AV'ERAGE, noun

1. In commerce, a contribution to a general loss. When for the safety of a ship in distress, any destruction of property is incurred, either by cutting away the masts, throwing goods overboard, or other means, all persons who have goods on board, or property in the ship, contribute to the loss according to their average that is, the goods of each on board. This principle, introduced into the commerce of Europe, from the Rhodian laws, and recognized by the regulations of Wisby, is now an established rule in the maritime laws of Europe; for it is most reasonable, that when one man's property is sacrificed to save a ship, all persons whose property is saved, or in like hazard, should bear their proportion of the loss.

2. From the practice of contributing to bear losses, in proportion to each man's property, this word has obtained the present popular sense, which is, that of a mean proportion, medial sum or quantity, made out of unequal sums or quantities. Thus, if A loses 5 dollars, B 9 and C 16, the sum is 30, and the average 10.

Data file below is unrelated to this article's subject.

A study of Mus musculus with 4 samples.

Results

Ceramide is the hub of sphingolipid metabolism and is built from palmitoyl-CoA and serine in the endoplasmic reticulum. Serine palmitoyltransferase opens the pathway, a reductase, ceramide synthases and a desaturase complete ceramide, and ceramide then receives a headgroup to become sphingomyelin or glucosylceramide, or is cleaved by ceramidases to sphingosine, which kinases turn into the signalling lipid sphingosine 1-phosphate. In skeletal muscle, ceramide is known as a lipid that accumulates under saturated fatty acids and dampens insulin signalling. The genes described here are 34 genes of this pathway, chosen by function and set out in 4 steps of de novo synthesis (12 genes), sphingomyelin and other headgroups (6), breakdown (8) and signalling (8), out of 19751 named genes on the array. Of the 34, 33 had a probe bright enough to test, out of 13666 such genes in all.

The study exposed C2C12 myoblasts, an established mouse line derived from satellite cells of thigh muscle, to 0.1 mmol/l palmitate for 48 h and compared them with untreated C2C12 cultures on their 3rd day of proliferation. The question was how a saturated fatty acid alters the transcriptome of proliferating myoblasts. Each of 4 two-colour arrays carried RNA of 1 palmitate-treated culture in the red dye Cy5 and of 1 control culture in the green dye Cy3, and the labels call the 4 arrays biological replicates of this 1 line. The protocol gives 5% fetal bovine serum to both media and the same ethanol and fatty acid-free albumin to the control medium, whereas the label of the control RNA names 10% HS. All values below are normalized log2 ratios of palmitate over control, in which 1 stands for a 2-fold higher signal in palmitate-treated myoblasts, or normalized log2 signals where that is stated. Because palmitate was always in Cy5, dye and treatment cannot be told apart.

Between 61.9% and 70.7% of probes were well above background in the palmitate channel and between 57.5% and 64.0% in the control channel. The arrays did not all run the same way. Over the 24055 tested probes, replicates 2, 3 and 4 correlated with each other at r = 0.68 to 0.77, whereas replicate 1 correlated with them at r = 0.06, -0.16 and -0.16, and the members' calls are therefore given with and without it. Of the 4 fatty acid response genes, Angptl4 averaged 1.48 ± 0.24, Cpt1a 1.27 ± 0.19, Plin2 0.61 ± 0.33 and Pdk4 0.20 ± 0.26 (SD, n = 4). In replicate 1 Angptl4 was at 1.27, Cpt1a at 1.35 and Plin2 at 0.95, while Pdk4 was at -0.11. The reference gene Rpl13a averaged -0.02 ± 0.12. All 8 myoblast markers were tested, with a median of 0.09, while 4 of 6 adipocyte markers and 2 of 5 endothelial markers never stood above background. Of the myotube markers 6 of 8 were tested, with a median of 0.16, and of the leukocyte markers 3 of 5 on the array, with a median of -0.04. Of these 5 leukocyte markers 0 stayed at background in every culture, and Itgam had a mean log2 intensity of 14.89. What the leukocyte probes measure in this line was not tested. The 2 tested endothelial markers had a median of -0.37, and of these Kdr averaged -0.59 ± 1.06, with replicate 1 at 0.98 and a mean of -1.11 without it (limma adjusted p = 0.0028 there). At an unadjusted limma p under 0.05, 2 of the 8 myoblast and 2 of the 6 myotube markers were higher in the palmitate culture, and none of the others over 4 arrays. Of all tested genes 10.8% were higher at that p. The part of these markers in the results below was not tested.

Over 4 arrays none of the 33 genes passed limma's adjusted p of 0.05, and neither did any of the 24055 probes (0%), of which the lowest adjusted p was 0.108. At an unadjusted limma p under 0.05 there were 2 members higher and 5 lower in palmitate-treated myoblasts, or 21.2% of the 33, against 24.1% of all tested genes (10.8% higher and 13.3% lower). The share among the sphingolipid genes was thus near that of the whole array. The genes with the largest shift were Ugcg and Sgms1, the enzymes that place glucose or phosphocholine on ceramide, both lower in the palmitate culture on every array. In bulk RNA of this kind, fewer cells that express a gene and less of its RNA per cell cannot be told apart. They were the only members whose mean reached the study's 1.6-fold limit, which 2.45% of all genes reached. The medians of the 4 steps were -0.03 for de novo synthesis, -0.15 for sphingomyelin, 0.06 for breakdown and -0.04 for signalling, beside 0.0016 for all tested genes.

3. A small duty payable by the shippers of goods, to the master of the ship, over and above the freight, for his care of the goods.

Hence the expression in bills of lading, 'paying so much freight with primage and average accustomed.'

4. In England, the breaking up of cornfields, eddish or roughings.

Upon, or on an average is taking the mean of unequal numbers or quantities.

AV'ERAGE, adjective Medial; containing a mean proportion.

AV'ERAGE, verb transitive To find the mean of unequal sums or quantities; to reduce to a medium; to divide among a number, according to a given proportion; as, to average a loss.

AV'ERAGE, verb intransitive To form a mean or medial sum or quantity; as, the losses of the owners will average 25 dollars each.

These spars average 10 feet in length.